The Heysel Stadium disaster was a human disaster that occurred on 29 May 1985 at the Heysel Stadium, Brussels prior to the 1985 European Cup final between Liverpool and Juventus. 39 Juventus fans lost their lives during the incident with a further 600 injured, which has had a substantial impact on European football.


For the final, Juventus fans were allocated tickets for the terraces behind one goal- terraces M, N and O, whereas Liverpool fans were allocated terraces X and Y, behind the other goal. The adjacent Z terrace was reserved for neutral Belgian fans. However much of Belgium was populated by ethnic Italians, and as such terrace Z filled up with Juventus fans. Even tickets for the terrace that were sold by Belgian touts found their way mostly into Juventus hands. This dangerous mix of rival fans was predicted well in advance of the match, but UEFA dismissed the concerns. Violence began to erupt at about 19:00, an hour before kick off when Liverpool fans from terrace Y and Juventus fans in terrace Z began goading each other and throwing missiles across the thin wire fence separating the terraces. At around the same time, a selection of young Belgian players were playing out a match wearing the colours of the finalists, for the entertainment of the crowd. The young Belgian team wearing red took a 3-0 lead, which was celebrated heavily by the Liverpool fans. The white team scored at about 19:10, and at this time the players were taken off the pitch as the violence began to escalate significantly.



Following the disaster, an initial report placed the blame entirely at the feet of the Liverpool fans. UEFA observer Gunter Schneider had concluded "Only the English fans were responsible. Of that there is no doubt." However, no official enquiry into the incident was ever undertaken. UEFA banned all English clubs from European competition for 5 years, with Liverpool specifically given a 10 year ban, however Liverpool only saw through 6 of those 10 years, making their European comeback in the 1991-92 season. It has been suggested that Liverpool could have won more European Cup titles had they not been given this ban, as their squad in the latter half of the 1980s under manager Kenny Dalglish was very highly regarded. In addition to the bans on English clubs, Belgium was banned for 10 years from hosting a major European final.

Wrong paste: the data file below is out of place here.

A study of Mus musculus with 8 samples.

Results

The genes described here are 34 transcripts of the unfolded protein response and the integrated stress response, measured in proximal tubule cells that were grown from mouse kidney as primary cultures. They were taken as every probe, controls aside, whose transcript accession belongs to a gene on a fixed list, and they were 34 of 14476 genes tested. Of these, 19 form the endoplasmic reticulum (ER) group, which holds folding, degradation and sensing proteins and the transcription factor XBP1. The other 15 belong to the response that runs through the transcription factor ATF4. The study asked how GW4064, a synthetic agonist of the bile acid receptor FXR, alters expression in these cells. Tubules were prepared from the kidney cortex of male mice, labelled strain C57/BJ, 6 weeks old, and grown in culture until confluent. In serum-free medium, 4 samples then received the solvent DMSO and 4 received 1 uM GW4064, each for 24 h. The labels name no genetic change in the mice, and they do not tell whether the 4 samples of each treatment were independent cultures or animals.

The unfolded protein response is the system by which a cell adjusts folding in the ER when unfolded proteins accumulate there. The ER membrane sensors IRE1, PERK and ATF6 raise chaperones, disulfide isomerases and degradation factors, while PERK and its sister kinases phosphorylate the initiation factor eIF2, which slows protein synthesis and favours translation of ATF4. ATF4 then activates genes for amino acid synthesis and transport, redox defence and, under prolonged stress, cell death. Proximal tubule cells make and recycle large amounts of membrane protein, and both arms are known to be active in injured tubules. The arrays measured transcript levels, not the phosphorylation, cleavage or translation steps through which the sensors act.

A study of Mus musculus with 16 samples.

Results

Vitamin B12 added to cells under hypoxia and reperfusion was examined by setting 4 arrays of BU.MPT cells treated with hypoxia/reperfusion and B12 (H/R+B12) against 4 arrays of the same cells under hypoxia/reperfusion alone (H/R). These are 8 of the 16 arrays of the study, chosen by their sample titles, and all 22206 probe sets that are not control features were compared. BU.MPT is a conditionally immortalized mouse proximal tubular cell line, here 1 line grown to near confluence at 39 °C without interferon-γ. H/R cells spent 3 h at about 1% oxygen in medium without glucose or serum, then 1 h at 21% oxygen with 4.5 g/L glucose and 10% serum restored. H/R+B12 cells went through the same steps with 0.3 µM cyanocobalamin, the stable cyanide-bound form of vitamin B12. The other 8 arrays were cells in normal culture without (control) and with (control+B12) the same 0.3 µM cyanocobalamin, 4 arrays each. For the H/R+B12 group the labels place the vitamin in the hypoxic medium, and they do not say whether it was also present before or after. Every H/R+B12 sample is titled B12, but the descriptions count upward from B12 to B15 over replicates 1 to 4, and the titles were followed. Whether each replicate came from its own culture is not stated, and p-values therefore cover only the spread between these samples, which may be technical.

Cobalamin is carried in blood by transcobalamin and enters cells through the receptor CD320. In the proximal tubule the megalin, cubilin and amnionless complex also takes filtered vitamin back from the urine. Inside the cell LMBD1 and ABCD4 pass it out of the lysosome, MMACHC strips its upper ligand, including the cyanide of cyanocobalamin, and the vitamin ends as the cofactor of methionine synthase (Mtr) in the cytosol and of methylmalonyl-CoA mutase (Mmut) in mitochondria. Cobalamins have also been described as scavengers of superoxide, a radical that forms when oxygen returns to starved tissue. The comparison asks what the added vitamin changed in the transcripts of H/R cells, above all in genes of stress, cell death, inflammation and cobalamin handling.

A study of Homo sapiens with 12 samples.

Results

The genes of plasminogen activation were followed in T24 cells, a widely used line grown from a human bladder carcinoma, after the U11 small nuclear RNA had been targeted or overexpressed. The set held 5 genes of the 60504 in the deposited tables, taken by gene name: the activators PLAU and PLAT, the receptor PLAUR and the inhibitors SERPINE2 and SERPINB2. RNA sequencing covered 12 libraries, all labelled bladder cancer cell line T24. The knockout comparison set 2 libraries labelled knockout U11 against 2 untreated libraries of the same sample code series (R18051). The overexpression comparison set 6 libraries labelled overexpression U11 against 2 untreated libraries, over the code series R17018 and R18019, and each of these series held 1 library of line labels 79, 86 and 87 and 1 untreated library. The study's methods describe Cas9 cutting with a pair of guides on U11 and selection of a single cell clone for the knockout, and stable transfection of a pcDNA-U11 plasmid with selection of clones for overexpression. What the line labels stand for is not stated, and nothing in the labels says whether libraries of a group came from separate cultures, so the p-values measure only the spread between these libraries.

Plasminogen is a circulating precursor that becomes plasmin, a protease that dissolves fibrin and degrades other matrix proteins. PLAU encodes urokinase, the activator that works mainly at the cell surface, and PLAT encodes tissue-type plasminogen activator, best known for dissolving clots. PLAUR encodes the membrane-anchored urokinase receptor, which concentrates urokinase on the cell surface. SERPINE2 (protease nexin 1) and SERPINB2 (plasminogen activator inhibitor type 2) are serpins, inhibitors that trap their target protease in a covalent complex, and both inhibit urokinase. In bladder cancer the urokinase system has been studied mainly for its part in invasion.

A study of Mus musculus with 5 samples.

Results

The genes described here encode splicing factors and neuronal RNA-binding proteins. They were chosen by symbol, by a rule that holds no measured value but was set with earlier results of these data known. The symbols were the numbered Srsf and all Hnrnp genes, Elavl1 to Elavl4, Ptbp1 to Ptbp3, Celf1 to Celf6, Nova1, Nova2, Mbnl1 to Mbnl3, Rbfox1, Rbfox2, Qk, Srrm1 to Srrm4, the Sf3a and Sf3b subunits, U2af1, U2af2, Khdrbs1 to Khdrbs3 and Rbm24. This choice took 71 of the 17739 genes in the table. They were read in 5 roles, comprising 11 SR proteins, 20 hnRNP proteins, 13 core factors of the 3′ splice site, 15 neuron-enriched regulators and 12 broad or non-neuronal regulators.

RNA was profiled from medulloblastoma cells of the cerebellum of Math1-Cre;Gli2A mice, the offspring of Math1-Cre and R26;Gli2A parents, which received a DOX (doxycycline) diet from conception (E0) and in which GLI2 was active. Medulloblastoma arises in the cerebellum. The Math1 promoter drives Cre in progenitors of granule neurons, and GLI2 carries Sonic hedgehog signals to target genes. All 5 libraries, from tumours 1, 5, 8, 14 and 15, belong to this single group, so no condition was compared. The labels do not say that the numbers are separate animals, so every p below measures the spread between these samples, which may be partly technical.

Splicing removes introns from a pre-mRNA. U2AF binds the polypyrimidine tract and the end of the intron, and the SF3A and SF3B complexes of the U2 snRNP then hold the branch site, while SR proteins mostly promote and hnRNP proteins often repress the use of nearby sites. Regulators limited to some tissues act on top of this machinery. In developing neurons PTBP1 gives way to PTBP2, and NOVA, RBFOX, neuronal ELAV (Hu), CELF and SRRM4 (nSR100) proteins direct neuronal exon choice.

27 people were arrested on suspicion of manslaughter by police after they assessed a great deal of security footage. This led to 14 Liverpool fans given 3 year jail sentences. Half of these sentences were suspended and it is unclear how many people were eventually imprisoned for the incident.

Although the initial blame was officially given to Liverpool fans, an 18-month investigation completed by a top Belgian judge concluded that, whilst Liverpool fans were of course culpable, blame should also be shared by the football authorities, such as UEFA for dismissing all fears over Heysel Stadium's suitability as the host of a major final, and the police, for failing to provide adequate crowd control.


Heysel Stadium never hosted a football match again in its older state. In 1994, it underwent an extensive regeneration and became known as the King Baudouin Stadium, which has since been selected by UEFA for a major European Cup final- the 1996 European Cup Winners Cup.


In the quarter finals of the 2004-05 Champions League, Liverpool were drawn against Juventus for the first time since the Heysel disaster. The first leg was hosted at Anfield, and Liverpool made significant efforts to extend a hand of friendship to Juventus and its fans. Numerous publications, including the match programme and the Liverpool Echo, had written extensive articles detailing the sorrow Liverpool felt for the incident. Every Juventus fan who attended Anfield was presented with a wristband containing the colours of the two clubs, and a leaflet was placed on the seat of every Juventus fan with a quote from former Liverpool and Juventus player Ian Rush, stating "We are sorry. You'll never walk alone." A minute's silence was observed prior to kick off in remembrance of the tragedy, and an emotional rendition of You'll Never Walk Alone was performed, which many Juventus fans sang along to. Liverpool fans in the kop end displayed a giant mosaic, spelling out the word 'Amicizia,' the Italian word for 'friendship.' These gestures garnered a mixed reaction in Italy from the Juventus fans. Many applauded the efforts, as did UEFA. However there were also many that considered the apologies hollow. Turin-based newspaper Gazzetta dello Sport proclaimed "At the festival of friendship, ignorance wins."